David Morris of the Institute for Local Self Reliance introduced me to E. F. Schumacher's Small Is Beautiful in the mid-nineties. I said that I hadn’t read it because the title made me think it was probably smarmy.
It isn’t, and Schumacher was not a smarmy guy. He made tough choices in his life. He left his native Germany in the thirties because he objected to the Third Reich. He was an agnostic who converted to Catholicism. You try telling all your snobby free-thinking friends you’re becoming a mackerel snapper.
Schumacher’s economics is contrarian, and tough-minded. The bottom line is that people are more important than goods. People need food, shelter, meaning, and a hospitable natural environment. Western economics subordinates people to goods, using indices that measure total activity, ignoring moral judgement, to diagnose an economy’s robustness. Subordinating people to goods means tolerating less than complete employment and temporary layoffs, to say nothing of worker stress, and occupations that use only a fraction of a worker’s capabilities. A fraction of the workforce, a fraction of each worker. An economy in which production is paramount tries to minimize human labor, but is promiscuous in its use of fuel, material, and machinery. What do we make things for, though? Why do we have economies?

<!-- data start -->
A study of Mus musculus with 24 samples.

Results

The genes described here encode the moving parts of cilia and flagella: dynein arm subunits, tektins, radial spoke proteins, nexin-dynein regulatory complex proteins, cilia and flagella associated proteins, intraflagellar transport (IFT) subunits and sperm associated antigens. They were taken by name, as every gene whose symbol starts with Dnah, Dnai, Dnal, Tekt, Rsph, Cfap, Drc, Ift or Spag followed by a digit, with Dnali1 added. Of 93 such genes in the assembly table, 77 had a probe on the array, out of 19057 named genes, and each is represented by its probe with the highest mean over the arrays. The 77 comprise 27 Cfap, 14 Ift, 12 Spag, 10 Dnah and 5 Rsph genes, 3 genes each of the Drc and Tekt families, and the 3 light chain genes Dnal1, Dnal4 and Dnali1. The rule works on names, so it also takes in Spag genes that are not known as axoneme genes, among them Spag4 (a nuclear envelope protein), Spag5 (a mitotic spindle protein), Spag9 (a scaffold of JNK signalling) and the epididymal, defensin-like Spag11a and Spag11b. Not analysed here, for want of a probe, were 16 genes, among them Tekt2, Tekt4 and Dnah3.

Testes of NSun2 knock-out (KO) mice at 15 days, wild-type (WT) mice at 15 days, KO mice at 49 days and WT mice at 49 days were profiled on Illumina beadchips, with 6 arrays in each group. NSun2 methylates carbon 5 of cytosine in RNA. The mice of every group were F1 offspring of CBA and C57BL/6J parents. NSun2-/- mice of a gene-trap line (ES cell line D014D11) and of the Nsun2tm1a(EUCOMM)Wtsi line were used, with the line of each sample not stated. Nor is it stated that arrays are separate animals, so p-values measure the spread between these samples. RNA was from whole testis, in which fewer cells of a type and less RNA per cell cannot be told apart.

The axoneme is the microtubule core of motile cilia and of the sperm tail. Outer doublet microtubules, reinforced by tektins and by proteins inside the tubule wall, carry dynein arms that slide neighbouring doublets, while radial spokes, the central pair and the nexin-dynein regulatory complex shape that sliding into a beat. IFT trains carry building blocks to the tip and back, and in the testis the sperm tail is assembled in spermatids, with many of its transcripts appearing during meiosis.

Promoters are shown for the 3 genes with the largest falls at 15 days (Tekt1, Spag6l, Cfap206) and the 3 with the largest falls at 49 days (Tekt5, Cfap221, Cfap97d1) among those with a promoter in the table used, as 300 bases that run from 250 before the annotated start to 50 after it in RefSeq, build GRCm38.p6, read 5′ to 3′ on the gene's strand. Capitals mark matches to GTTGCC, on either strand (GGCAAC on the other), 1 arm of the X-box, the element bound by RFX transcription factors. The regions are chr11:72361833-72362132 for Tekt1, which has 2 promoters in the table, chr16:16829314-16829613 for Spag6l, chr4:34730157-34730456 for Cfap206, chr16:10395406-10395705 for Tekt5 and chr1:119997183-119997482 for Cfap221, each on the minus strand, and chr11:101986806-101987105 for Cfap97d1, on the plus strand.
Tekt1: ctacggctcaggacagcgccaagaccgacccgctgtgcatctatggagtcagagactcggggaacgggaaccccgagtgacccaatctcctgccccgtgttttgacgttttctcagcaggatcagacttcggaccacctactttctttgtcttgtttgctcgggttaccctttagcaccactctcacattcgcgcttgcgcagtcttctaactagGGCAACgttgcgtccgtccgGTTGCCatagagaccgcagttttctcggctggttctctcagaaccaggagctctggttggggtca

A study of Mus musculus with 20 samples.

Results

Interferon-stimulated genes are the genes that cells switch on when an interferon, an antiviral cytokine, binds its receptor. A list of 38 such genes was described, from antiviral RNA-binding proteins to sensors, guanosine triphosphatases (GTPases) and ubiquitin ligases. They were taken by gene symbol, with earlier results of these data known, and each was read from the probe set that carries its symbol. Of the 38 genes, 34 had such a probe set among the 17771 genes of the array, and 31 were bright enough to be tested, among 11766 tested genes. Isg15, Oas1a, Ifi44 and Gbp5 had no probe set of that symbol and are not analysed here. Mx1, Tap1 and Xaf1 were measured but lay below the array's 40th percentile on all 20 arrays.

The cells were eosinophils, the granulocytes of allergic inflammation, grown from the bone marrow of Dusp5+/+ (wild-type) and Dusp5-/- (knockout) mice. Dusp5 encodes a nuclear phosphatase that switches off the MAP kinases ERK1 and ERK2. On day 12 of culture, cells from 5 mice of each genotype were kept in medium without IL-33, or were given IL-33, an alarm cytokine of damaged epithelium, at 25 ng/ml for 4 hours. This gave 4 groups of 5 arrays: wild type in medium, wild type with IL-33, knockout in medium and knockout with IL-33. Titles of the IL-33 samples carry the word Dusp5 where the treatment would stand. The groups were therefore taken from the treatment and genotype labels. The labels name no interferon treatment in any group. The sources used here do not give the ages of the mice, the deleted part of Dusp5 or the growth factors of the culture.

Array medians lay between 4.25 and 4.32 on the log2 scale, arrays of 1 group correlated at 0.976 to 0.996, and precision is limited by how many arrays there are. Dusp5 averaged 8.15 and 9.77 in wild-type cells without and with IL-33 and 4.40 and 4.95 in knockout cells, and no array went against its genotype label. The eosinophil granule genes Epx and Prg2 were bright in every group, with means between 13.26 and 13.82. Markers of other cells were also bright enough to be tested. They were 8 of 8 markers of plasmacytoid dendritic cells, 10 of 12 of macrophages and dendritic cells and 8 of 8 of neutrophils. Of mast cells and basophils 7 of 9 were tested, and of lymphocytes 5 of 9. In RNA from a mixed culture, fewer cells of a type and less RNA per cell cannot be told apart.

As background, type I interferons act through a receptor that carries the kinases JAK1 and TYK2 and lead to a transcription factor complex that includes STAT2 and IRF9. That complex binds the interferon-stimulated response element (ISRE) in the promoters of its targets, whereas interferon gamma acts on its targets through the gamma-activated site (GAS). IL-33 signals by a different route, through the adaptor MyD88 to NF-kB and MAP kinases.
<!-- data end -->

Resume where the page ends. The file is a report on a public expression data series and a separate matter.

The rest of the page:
The truth is, and Schumacher would say, that production and commerce should be means to providing humans with "a becoming existence" -- a nice phrase of Schumacher's. If we need to feed and shelter ourselves, we should discover the most elegant way to do so, the way that uses the least material or capital, the way that uses machinery to enhances our skills instead of replacing them. Providing for ourselves in that elegant way will, in Schumacher’s description of the function of work, “give a man (sic) a chance to utilize and develop his faculties (and) enable him to overcome his egocenteredness by joining with other people in a common task.”
An economy like that would ultimately solve problems of pollution and fuel shortage, and avoid exacerbating damages we’ve already caused. Most attractively, we would realize finally what it really means to be this extravagantly intelligent ape.